Russia - Chapter 13 - Force Majeure and Hardship in the Asia-Pacific Region
Natalia Prisekina is a partner and head of the Far Eastern Office at Pepeliaev Group LLC in the Russian Federation;
Ekaterina Samusenko is an associate at Pepeliaev Group LLC in the Russian Federation.
Originally from Force Majeure and Hardship in the Asia-Pacific Region
I. Force majeure
A. Background and definition of force majeure in Russia
1. Does Russia recognize force majeure or any other legal concept similar to force majeure such as frustration, etc. (in the following: “force majeure”)? Are there any statutory provisions or is there any case law setting forth the definition of force majeure?
In this article, we consider the main provisions of Russian law. In the event that one of the parties to the transaction is a foreign company, then the following rules apply if the parties to the agreement have chosen the applicable law ‒ Russian law or Russian law applies to the parties by force of law. Russian laws also apply to foreign companies that operate in Russia and their relationship falls under Russian jurisdiction. In such cases, the status of the company (foreign or Russian) is not important as the law contains general provisions for everyone.
There is no such term as ”force majeure“ in Russian legislation. Clause 3 of Article 401 of the Civil Code of the Russian Federation (hereinafter ‒ the CCRF) contains the concept of “circumstances of irresistible force”, which in practice are equated to force majeure.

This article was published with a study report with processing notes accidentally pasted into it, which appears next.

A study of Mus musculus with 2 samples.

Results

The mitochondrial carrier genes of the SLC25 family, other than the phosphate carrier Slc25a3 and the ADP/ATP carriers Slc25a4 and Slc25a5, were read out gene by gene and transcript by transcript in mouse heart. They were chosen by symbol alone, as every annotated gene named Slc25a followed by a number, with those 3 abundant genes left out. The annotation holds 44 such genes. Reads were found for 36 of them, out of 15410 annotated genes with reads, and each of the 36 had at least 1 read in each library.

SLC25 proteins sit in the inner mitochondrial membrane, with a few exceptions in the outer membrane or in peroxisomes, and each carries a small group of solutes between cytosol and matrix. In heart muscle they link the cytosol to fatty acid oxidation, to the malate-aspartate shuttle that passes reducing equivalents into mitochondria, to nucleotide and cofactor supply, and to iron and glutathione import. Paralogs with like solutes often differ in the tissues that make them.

These are the circumstances, which are extraordinary and unavoidable at the same time under given conditions, in which case:
- extraordinariness implies the exceptional nature of the reviewed circumstance, the occurrence of which is unusual in specific conditions. It is beyond normal, ordinary, which is not classified as a life risk and cannot be considered under any circumstances;
- unavoidability means that any participant of civil commerce, conducting an activity similar to the obligor’s, could not have avoided the occurrence of this circumstance or its consequences. Unavoidability must be objective, not subjective.
Therefore, the impact of such circumstances, which in business practice are also called force majeure or force majeure circumstances, occurs from the outside and does not depend on the will of people and the contracting parties, in particular.
In addition, theory and practice recognize such characteristics of force majeure circumstances as their unpredictability at the time of the conclusion of the contract, their occurrence after the conclusion of the contract, the lack of control of the parties of the obligation over the force majeure circumstances and their direct influence on the performance of the obligations by the parties, i.e., the existence of a causal connection between the extraordinary circumstance and the impossibility of performing the obligation.
These characteristics are necessary for the recognition of certain events as extraordinary circumstances, and the absence of one or several of them may be a ground for the court not to recognize some event as a force majeure circumstance.